Everyone can be late from time to time. Sometimes its out of our hands no matter how prepared we are. Reasons for lateness can vary from a delay in traffic, to sleeping through your alarm…Whatever the reason for lateness or absences, we’re here to help you manage employee attendance.
When looking for a new employee, punctuality is a key component. It’s an important quality for employees and prospective candidates to have, as it is key to productivity and highlights an employee’s drive and desire to succeed. One of the most common problems business owners and managers find impacts on the effectiveness and profitability of the company is employee lateness. Although it is human nature for some employees to be occasionally late but when this becomes a recurring pattern, it becomes an issue that needs to be resolved and further action to be taken. If no action is taken, the employee will assume their lateness is acceptable and it will continue.
Employers pay employees for their time especially when they have set contracted hours, so why would the employer continue to pay for an employee who is not present at work, essentially stealing time from the company?
So, if an employee starts to show a recurring pattern of lateness, deal with this appropriately and as soon as possible. Here’s how:
Ensure you have a well drafted policy
This policy sets out the rules surrounding lateness. It should include:
- The employees working hours and the requirements to meet these.
- The procedure to follow when reporting lateness.
- Details on the tracking and monitoring of working hours (e.g. timesheets or clocking in/out).
- How the employee can make up lost time, if required.
- Actions taken after continued lateness (e.g. disciplinary action).
It is important to communicate any new policies or policy updates to all employees. It is also important to ensure you implement these fairly throughout the organisation.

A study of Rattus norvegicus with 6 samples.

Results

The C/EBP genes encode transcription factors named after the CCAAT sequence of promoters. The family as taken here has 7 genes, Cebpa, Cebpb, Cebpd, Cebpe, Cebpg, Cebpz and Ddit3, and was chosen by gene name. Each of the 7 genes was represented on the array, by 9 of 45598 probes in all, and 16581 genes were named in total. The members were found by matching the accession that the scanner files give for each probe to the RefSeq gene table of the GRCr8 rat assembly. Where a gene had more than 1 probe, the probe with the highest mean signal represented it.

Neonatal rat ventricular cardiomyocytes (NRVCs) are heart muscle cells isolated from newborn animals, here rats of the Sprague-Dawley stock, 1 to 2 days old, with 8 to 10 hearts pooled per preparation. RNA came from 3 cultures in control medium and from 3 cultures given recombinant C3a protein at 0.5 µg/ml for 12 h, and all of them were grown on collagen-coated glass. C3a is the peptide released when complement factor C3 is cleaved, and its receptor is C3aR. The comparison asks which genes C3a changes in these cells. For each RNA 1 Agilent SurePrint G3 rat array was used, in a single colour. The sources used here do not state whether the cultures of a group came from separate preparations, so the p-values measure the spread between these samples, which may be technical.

Monitor and Manage Tardiness
When issues of lateness begin to arise, it is important to manage and investigate the matter. A manager should schedule a meeting with the employee in question to discuss their lateness. In the interim, information should be collated regarding working times, instances of lateness and reasons etc. This will clarify why the lateness is occurring. It also highlights to all employees that their arrival times are being monitored and action will be taken.
In some cases, and employee and employer may be able to come to a mutual agreement for example, an employee may express their difficulty in being able to arrive on time due to personal reasons, such as balancing the school run. In this case their working hours may be able to be amended slightly to stop lateness from reoccurring, e.g., working hours of 9.15am to 5.15pm instead of 9am to 5pm. This proves why it is important to address the issue with the employee as soon as possible so changes can be put in place (if agreeable).
You can use these records as evidence when addressing the problem. They demonstrate the facts and not opinions. You can monitor and track attendance with sign in sheets or installing a clock in, clock out system to document employees working hours.
If the employee lateness persists, you must take further action. Deliver this action in a more formal manner. There are different actions that you can take in the disciplinary process depending on the severity of the lateness.
- Verbal warning
- Written warning
- Final written warning
Firstly, you can give a verbal or written warning; However, if the lateness continued this would escalate to a final written warning. You can dismiss the employee if there is no improvement. The Employment Rights Act 1996 documents an employer’s ability to dismiss a member of staff for poor conduct and failure to meet the requirements of their contract. However, it is unfair to immediately dismiss at the first hearing. This is because unacceptable time keeping doesn’t constitute gross misconduct. The employment tribunal would expected to see issues of previous formal warnings relating to lateness.
It is crucial for an employer to follow the correct disciplinary procedure to avoid any risks and/or employment tribunals.
How can we help you?
A valued member of the Wurkplace team providing administrative and coordinating skills for the HR department and also overseeing the accounts department of the business whilst carrying out key bookkeeping tasks and conducting payroll.
Georgia holds a level 3 in Business Administration and AAT level 2 whilst continuing to work towards gaining a diploma in AAT.